Pacific Media Watch Newsdesk
A former editor of the PNG Post-Courier has condemned his old newspaper for an article “insulting the intelligence” of Papua New Guineans as tension builds over the looming vote of no confidence in the government this week.
Parliament resumes today and Prime Minister Peter O’Neill faces the biggest challenge to his leadership since 2011. But the no-confidence vote is not expected today.
Writing on social media, Alexander Rheeney distributed yesterday’s Post-Courier story favouring O’Neill drawn from a government press release and said today the country deserved “independent” coverage.
“Woke up to more trash published by Papua New Guinea’s oldest daily newspaper and my former employer,” said Rheeney, who is also a former chair of the PNG Media Council and currently an editor of the Samoa Observer.
“This is not a story — it quoted a PNG Government press release verbatim — without incorporating critical background on Peter O’Neill’s role in 2011 in usurping the [Sir Michael] Somare government from office, an action which the PNG Supreme Court later declared to be illegal and ordered the Somare government’s reinstatement.
“Please stop insulting the intelligence of Papua New Guineans with your content and start practising real journalism, which will empower rather than disempower citizens.
“If anyone knows who the editor of the Post-Courier is these days, get a screenshot of my post and send it to him or her.
“PNG has come to a critical juncture in its history, and we in the media have a responsibility to give readers, listeners and viewers independent coverage of the political developments in Port Moresby and the looming vote of no confidence.”
As editor of the Post-Courier, Rheeney was renowned for his ethical and independent brand of journalism.
Under a “staff reporters” byline, the entire 14 paragraph story in the Post-Courier yesterday was a directly quoted press release.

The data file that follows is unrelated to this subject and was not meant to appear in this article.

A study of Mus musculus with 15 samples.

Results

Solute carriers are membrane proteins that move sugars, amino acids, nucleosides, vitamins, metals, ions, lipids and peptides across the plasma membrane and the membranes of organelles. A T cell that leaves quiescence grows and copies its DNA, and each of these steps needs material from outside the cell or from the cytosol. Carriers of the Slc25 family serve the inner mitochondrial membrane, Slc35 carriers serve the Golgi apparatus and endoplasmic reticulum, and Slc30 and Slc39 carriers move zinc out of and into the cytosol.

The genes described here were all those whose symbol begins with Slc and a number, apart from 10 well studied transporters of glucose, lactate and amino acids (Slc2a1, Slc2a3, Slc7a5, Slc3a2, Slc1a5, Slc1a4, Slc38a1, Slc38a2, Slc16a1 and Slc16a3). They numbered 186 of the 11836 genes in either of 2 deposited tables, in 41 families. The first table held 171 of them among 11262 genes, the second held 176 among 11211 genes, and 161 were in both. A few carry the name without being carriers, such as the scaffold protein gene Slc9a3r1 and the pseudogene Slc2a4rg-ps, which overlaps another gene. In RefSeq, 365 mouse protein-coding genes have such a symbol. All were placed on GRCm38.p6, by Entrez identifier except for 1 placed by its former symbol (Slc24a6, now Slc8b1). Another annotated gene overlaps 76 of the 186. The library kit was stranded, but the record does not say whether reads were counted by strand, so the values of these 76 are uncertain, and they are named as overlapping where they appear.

The story claimed the O’Neill government was “firm and ready” with its coalition partners to govern for the rest of the parliamentary term, “as they were mandated by the people of Papua New Guinea at the 2017 elections”.
O’Neill was quoted as saying his government still had the support of 60 MPs in the 111-seat Parliament.
The Prime Minister praised his government’s policies and accused the National Alliance Party of “vigorously encouraging the behind the scenes activities to destabilise political parties” in the country.
‘Too close to call’
Meanwhile, a seasoned analyst and commentator on PNG politics and affairs, Keith Jackson, described the looming no-confidence vote as “too close to call”.
Jackson, who publishes the PNG Attitude blog, said that the “disparate alliance of opposition forces had achieved a narrow lead” in the race to gain support to oust O’Neill.
He said that as more politicians had joined the self-declared “alternative government”, they had brought with them a litany of complaints about the capability of the O’Neill administration
Jackson quoted former prime minister Sir Mekere Morauta as saying: “We have a government that is government by one man for one man, for his benefit and the benefit of his friends.”
“The PNG that Michael Somare, Julius Chan, Paias Wingti, Rabbie Namaliu and others shaped has been changed profoundly and for worse in the last seven years by just one man.
“Papua New Guinea is sick and we get sicker if we don’t change this man. We can fix it. We have the medicine.”
Members of the “alternative government” in Papua New Guinea have nominated former Finance Minister James Marape as their choice for prime minister, reports RNZ Pacific.